BLM and IWJV Provide Capacity for Sagebrush Conservation
The following story originally appeared in the BLM Daily, an internal Bureau of Land Management publication, and was written by Megan McLachlan, Wildlife Biologist (on detail), BLM Washington, D.C. Office.
Less than three years ago, the BLM entered into a partnership with the Intermountain West Joint Venture (IWJV) called Partnering to Conserve Sagebrush Rangelands. This unique partnership is helping public land managers, private landowners, and non-governmental organizations get the capacity they need to scale-up implementation of proven conservation techniques for sagebrush habitats.
To date, our focus has been on implementing wet meadow and riparian restoration treatments, invasive conifer removal, invasive weed management and post-fire restoration. By bringing people together, investing in science and communications, and leveraging resources with field-based capacity positions to work across boundaries on public and private land projects, we are promoting durable conservation across the West.
Nine community-based field capacity positions in California, Idaho, Montana, Nevada, Oregon, Utah and Wyoming are offering a helping hand to get BLM field projects off the drawing board and onto the ground (see map of positions below). Durable and lasting conservation comes from developing collaboration in local communities by investing time in trust and relationship building among public and private partners. Click here to read about the individuals providing community-based conservation capacity by helping break through bottlenecks and challenges, track projects and success, and facilitate forums that bring partners together.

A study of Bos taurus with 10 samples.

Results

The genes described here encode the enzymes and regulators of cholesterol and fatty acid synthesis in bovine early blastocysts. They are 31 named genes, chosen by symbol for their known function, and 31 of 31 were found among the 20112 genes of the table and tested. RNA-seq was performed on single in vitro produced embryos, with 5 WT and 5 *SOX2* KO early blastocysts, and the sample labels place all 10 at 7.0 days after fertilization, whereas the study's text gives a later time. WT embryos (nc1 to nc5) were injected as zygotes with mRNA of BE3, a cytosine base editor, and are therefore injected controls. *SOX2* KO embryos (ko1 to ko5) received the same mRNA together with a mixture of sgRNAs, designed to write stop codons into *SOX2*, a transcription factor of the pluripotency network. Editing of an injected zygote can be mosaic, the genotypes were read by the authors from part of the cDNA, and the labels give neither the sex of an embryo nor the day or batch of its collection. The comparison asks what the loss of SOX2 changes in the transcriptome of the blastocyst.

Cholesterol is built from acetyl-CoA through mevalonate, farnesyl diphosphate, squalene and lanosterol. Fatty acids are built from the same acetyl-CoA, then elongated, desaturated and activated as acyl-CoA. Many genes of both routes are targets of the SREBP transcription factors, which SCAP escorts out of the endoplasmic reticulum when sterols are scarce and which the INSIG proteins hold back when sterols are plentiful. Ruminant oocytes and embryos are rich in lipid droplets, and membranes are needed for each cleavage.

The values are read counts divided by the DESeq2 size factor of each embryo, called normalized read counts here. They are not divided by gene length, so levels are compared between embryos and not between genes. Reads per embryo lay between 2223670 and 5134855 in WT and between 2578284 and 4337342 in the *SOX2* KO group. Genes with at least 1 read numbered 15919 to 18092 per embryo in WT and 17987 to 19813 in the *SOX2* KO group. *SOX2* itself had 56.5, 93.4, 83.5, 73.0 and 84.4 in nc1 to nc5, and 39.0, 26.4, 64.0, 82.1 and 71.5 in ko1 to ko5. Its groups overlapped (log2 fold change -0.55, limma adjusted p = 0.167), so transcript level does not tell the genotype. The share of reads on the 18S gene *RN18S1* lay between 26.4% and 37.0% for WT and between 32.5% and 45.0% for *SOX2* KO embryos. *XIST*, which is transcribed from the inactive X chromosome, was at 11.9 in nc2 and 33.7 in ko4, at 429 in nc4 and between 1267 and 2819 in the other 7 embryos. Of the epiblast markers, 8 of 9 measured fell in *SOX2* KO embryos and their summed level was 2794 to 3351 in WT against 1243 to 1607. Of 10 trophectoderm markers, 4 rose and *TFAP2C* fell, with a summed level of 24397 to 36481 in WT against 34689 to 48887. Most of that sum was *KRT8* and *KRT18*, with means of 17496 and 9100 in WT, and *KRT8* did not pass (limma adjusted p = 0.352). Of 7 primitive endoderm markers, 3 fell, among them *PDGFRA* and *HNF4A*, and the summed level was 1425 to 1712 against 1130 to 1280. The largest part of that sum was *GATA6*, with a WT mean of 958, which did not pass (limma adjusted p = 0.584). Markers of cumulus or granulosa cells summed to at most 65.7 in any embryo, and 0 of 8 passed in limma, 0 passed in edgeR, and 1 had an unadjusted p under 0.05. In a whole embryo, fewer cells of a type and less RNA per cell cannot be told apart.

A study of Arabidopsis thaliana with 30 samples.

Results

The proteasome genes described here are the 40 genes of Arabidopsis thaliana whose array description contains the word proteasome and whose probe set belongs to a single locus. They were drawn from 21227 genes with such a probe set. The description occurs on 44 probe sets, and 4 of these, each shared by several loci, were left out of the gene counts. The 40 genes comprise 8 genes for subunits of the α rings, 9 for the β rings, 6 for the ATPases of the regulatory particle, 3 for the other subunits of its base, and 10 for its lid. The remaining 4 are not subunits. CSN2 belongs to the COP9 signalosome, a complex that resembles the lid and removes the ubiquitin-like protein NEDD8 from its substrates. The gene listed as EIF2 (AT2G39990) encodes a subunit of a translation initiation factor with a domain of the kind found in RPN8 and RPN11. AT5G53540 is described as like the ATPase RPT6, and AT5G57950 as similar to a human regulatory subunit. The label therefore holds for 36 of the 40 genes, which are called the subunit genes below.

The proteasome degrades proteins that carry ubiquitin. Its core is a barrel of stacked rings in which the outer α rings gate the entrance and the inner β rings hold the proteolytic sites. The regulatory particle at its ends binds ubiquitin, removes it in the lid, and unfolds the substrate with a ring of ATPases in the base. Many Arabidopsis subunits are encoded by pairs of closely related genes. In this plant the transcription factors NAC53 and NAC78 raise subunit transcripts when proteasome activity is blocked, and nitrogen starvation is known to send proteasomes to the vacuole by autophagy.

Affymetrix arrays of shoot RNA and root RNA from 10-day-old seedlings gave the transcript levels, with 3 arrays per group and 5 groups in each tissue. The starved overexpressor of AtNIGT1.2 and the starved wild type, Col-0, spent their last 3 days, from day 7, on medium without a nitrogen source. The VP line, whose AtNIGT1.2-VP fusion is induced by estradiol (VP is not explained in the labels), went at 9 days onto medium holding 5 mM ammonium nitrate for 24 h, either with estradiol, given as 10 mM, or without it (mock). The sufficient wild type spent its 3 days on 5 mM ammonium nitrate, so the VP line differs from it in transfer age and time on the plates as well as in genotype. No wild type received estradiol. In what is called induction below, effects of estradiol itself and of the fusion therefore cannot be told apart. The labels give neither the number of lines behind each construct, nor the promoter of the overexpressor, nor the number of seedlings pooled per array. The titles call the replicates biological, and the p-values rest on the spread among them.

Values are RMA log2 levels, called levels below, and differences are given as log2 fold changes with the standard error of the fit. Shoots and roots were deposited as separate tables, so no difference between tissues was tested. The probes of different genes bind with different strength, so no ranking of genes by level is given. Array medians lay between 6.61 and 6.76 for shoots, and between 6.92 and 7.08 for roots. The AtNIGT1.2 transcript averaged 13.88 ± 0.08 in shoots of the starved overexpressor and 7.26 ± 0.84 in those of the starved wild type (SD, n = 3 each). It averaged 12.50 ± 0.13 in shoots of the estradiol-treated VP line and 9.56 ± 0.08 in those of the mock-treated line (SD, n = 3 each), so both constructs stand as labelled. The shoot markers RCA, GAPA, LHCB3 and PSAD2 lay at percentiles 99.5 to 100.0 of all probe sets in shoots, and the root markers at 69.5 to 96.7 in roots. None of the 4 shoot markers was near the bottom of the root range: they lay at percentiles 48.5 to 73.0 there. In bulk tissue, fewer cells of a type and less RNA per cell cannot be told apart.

This map shows the locations of field delivery capacity positions created through the BLM-IWJV partnership called Partnering to Conserve Sagebrush Rangelands. (Acronyms: LIT – Local Implementation Team; NCCN – Nevada Collaborative Conservation Network; SGI SWAT – Sage-Grouse Initiative Strategic Watershed Action Team.)
Within the last 3 years, the accomplishments of this partnership between the BLM and IWJV are laudable:
102 completed field projects
63,479 acres impacted with a diversity of conservation treatments
$3.2 million leveraged in project funding
387 partners engaged
116 landowner visits
72 forums created for public and partners to work together through meetings, field tours, outreach, and educational events.
2018 was an important year to hit our partnership stride with accomplishments and impacts that will form the bedrock for collaboration at multiple scales across the West. For more details, the IWJV is pleased to share this second annual report with the BLM and other partners here.
If you have any questions or would like to learn more about the partnership, please contact the BLM-IWJV Liaison, Megan McLachlan (firstname.lastname@example.org), or the BLM-IWJV Science Liaison, John Carlson (email@example.com).